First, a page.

On Thursday, the Wellings of Picton played host to its annual Wellness Fair featuring former Ottawa-based television host Kathie Donovan as keynote speaker.
After a morning comprised of wellness related demonstrations, such as a smoothie making demo, mobility and fitness demos and a healthy breakfast demo, the guests of the wellness fair enjoyed a salad bar buffet-style lunch.
General Manager of the Wellings Rachel Henry estimated the attendees, numbered at around 80, were about half residents and half members of the public who had come to take part in the event.
After enjoying their lunch, the residents and guests alike sat in wrapt attention to listen to Donovan speak.
Donovan, a former co-host of CTV’s Regional Contact had ventured from Ottawa to attend the wellness fair being held at the Wellings.
“Pause right now and think of three things you’re grateful for…how about your heartbeat? How about your breath?” Donovan asked.
A stillness blanketed the audience as Donovan implored them to reflect.
“If you have these things,” Donovan continued, “You have a long list of things to be grateful for. I encourage you to begin each day by writing down some things you’re grateful for…as you begin to focus on what you’re grateful for, you’ll find you actually have more to be grateful for.”
That is seemingly simple advice, but also, powerful advice as evidenced by the captivated audience.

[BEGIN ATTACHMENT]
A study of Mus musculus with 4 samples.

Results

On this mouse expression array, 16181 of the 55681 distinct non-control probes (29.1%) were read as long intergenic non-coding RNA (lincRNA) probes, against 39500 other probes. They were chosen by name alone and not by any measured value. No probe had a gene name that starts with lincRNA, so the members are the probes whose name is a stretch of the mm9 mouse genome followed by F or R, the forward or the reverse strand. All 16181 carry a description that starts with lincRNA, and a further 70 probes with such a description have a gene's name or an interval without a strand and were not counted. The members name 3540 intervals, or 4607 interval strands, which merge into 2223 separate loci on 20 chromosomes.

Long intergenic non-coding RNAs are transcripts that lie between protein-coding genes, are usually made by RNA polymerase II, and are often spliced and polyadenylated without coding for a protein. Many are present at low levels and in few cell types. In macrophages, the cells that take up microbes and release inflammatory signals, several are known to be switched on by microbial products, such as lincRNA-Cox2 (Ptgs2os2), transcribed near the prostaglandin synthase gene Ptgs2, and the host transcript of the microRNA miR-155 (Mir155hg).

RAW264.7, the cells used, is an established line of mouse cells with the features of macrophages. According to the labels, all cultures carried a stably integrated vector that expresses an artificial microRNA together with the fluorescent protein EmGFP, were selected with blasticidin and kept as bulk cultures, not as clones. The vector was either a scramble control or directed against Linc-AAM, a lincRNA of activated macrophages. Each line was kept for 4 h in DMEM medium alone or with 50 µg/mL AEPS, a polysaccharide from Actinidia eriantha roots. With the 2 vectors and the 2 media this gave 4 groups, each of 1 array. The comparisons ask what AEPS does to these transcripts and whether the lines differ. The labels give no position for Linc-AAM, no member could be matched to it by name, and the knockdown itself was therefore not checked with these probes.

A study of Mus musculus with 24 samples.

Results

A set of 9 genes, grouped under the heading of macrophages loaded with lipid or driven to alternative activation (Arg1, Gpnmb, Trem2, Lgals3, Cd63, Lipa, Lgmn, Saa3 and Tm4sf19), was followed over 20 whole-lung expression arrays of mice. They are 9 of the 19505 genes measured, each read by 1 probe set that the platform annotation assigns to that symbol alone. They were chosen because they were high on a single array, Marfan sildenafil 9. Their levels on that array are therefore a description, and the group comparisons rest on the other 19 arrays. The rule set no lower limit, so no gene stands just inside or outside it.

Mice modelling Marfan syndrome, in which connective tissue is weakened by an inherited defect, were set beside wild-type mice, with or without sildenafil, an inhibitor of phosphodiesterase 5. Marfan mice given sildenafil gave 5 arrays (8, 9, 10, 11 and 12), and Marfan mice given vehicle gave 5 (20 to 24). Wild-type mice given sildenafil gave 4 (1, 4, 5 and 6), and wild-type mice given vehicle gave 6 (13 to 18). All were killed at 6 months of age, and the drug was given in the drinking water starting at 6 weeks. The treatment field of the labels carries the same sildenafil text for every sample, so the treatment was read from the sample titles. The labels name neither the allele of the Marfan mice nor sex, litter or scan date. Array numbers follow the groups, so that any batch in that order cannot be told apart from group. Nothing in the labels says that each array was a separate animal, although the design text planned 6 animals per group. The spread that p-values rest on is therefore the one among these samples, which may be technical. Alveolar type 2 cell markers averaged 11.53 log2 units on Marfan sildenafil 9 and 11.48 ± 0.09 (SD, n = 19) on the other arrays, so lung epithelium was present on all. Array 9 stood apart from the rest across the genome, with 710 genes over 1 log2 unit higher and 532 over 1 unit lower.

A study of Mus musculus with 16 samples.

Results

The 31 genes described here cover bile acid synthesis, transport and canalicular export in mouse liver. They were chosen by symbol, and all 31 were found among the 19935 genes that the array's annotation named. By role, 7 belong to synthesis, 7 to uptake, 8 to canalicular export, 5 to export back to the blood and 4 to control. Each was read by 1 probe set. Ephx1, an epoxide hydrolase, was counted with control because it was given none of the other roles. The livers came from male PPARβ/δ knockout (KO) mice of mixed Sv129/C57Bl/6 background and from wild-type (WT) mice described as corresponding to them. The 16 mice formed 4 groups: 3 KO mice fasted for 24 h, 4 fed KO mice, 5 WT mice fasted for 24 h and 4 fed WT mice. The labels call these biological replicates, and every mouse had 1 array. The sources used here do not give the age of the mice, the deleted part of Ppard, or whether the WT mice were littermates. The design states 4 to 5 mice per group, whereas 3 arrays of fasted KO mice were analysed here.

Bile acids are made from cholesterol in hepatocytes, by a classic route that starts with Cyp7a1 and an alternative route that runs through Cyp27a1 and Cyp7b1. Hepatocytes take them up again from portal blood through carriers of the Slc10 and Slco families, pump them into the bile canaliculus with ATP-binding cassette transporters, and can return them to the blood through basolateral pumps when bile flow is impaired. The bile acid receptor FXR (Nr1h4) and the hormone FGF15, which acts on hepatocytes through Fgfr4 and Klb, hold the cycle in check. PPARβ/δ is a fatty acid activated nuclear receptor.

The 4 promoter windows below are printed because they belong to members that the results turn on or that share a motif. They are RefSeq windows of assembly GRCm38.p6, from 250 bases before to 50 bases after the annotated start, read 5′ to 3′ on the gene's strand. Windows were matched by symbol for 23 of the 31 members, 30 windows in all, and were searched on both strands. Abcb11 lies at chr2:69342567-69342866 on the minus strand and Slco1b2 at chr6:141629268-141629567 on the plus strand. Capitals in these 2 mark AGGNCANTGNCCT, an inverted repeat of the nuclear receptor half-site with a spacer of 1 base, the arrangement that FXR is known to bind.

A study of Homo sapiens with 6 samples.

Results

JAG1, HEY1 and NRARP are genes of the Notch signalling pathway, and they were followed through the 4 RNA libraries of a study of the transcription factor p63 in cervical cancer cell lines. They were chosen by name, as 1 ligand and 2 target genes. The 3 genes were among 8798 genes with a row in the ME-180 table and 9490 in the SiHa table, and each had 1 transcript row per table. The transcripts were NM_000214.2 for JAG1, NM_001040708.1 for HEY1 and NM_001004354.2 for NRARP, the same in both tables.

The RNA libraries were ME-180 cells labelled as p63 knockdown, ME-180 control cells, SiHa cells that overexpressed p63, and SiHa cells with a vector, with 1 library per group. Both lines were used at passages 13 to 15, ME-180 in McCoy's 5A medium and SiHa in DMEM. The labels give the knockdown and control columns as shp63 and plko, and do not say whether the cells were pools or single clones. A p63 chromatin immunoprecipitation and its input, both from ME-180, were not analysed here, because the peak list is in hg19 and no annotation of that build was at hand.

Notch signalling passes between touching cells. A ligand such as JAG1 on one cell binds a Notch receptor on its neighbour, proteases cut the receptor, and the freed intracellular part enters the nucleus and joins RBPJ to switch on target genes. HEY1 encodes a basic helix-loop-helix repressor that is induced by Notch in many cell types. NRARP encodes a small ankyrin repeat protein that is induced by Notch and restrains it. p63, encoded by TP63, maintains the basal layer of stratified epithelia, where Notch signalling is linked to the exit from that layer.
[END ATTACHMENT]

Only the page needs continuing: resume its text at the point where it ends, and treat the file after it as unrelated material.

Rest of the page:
The topic of Kathie Donovan’s talk at the wellness fair was, “The Art of Aging Gracefully: How to be Seen, Heard and Valued in Three Easy Steps”.
Throughout the discussion, she implored the listeners to practice gratitude in their everyday lives.
“You have a face only a mother could love,” Donovan said to the crowd. This was a common adage that the motivational speaker heard growing up.
As she explained, her parents both suffered from undiagnosed depression. This imbued Donovan’s childhood with negativity and consequently instilled much fear.
That fear affected Donovan until she learned to turn that fear into compassion for others. She explained why her parents may have experienced depression and urged the audience to let go of the negativity that others impose upon then.
“What other people think of you has none of your business,” added Donovan.
Now, the author and speaker believes that you must “surrender the stories that don’t serve you.”
Gesticulating wildly, one of her final take-aways was that “Our time is our gold. Compassion is an endless resource, but time is not. It is limited.”
Donovan added we must use what compassion we do have to not only enrich our own lives, but also that of others.
As Donovan spoke, Henry handed out copies of the speaker’s latest book, Unconform: Harnessing the Radical Power of Courage.
Once the speech had concluded, Henry spoke to the Gazette about why she chose to bring a motivational speaker to the Wellings for a wellness fair.
“The Wellings is all about wellness, whether that is physical or mental wellness,” Henry said.
Though the weather did not cooperate, the guests of the fair had planned to plant tomatoes during the afternoon and were led through walking exercises by Tracey Powers of Fitness Powers.
Henry said she was hoping to make this a yearly event.